P756 Cumulative adverse events of anti-TNF therapy in IBD patients at a large tertiary centre – a 13-year real-world experience

Majumder, S.(1,2,3);Love, M.(3);Davis, J.(3);Sharma, N.(4);Nabil Quraishi, M.(3);Cooney, R.(3);Ghosh, S.(5);Iacucci, M.(1,3,6);N Shivaji, U.(1,3,6)*;

(1)University of Birmingham, Institute of Immunology and Immunotherapy-, Birmingham, United Kingdom;(2)University of Birmingham, India Institute, Birmingham, United Kingdom;(3)University Hospitals Birmingham NHS Foundation Trust, Gastroenterology, Birmingham, United Kingdom;(4)University Hospitals Birmingham NHS Foundation Trust- Birmingham, Gastroenterology, Birmingham, United Kingdom;(5)College of Medicine and Health- University College Cork, APC Microbiome, Cork, Ireland;(6)National Institute for Health Research NIHR Birmingham Biomedical Research Centre- University of Birmingham and University Hospitals Birmingham NHS Foundation Trust, Institute of Immunology and Immunotherapy, Birmingham, United Kingdom;


Anti-TNFα is the first class of biologics approved for treatment of moderate-to-severely active Inflammatory Bowel Disease (IBD). More than two decades on, anti-TNFs remain one of the most commonly used biologics for both Ulcerative Colitis (UC) and Crohn’s Disease (CD), and often as first-line therapy. Although effective, they cause several adverse events (AEs), sometimes requiring withdrawal of therapy. The aim of the study was to record cumulative AEs in IBD patients and report on real-world safety profile of this class of drugs.


All IBD patients exposed to anti-TNF therapy were identified from EMR at two centres of a large tertiary referral centre between January 2009 and June 2022. All relevant demographic and clinical data were collected for those patients with well recorded AEs and follow-up. Data on cumulative AEs directly attributed to anti-TNFs that ranged from mild reactions to serious AEs (defined as those requiring review/withdrawal of anti-TNF), were collected. Data on malignancies in this cohort was collected separately. The data were analysed and statistical analysis carried out using the IBM® SPSS® Statistics software package Version:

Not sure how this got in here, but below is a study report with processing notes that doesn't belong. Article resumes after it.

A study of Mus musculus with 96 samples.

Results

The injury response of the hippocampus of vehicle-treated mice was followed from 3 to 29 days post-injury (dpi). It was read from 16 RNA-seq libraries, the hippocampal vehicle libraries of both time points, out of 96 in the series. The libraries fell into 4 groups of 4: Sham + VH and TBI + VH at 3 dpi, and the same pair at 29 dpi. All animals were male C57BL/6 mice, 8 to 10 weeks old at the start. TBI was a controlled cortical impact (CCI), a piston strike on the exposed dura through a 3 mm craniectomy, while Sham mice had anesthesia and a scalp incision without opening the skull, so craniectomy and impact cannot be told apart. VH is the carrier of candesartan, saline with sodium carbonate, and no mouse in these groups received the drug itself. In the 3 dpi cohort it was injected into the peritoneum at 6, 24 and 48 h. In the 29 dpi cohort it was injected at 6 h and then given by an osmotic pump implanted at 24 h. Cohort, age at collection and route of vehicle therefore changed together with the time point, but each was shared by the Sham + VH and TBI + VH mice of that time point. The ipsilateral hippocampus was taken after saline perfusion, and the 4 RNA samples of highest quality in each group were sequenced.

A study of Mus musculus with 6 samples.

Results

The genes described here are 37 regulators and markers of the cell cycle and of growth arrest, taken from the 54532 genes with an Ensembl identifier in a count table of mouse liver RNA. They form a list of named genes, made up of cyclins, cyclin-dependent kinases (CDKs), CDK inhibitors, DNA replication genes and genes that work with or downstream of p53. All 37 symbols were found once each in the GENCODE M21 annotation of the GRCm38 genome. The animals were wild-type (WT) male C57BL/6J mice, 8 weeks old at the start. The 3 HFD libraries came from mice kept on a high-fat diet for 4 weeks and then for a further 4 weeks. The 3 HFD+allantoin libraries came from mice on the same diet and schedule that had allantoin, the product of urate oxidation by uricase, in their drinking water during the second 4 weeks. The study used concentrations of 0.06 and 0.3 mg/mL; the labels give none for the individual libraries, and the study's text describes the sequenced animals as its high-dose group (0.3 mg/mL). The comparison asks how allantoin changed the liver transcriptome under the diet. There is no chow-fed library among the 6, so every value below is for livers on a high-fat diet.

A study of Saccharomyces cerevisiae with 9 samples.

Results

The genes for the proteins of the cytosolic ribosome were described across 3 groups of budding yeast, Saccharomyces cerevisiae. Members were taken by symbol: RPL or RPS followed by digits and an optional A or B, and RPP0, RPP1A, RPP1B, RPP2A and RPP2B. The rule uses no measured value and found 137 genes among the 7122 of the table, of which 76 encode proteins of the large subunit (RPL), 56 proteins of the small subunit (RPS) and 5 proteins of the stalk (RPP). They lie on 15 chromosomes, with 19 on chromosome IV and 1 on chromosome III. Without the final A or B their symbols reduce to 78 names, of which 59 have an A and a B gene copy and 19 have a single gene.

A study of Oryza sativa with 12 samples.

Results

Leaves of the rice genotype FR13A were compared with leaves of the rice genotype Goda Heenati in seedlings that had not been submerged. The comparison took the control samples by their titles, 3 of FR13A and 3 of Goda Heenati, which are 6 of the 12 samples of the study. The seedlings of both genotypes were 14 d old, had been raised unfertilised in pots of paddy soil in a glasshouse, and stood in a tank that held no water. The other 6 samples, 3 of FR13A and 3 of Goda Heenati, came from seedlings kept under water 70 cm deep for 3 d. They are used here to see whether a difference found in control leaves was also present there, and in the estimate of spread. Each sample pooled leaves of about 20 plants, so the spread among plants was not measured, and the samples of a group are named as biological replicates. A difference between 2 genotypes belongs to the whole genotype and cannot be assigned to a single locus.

Total of 844 patients (M=408, 48%; median age 37years) were included, of which 61% were Caucasian. Majority had CD (608;72%) with mean age at diagnosis of 27y (SD 15y) and a median disease duration of 12years. About 50% of patients were on monotherapy and adalimumab was most frequently used (52%). A significant proportion of patients (44%) discontinued therapy during the follow-up period covered by the study (median duration 5years); infliximab showed best persistence rate (Fig 1). The commonest AEs were dermatological followed by auto-immune. Infections affected all age groups and bacterial infections were most common. Male sex, age groups of 18-50 years were statistically more likely to develop an AE (Table 1). 16 malignancies and 1 death were recorded in this cohort. 


In our cohort, a significant number of AEs to anti-TNFs were noted, frequently resulting in the withdrawal of therapy. Although effective, anti-TNFs related AEs lead to poor persistence rates and contribute to increased risk of infections, particularly in >60y age group. Clinicians must be aware of the wide range of AEs due to anti-TNFs; these risks must be considered, and patients selected carefully to maximize success. With a wider choice of biologics and small molecules currently available, other options with apparently more favourable safety profiles could be considered earlier in the treatment algorithm.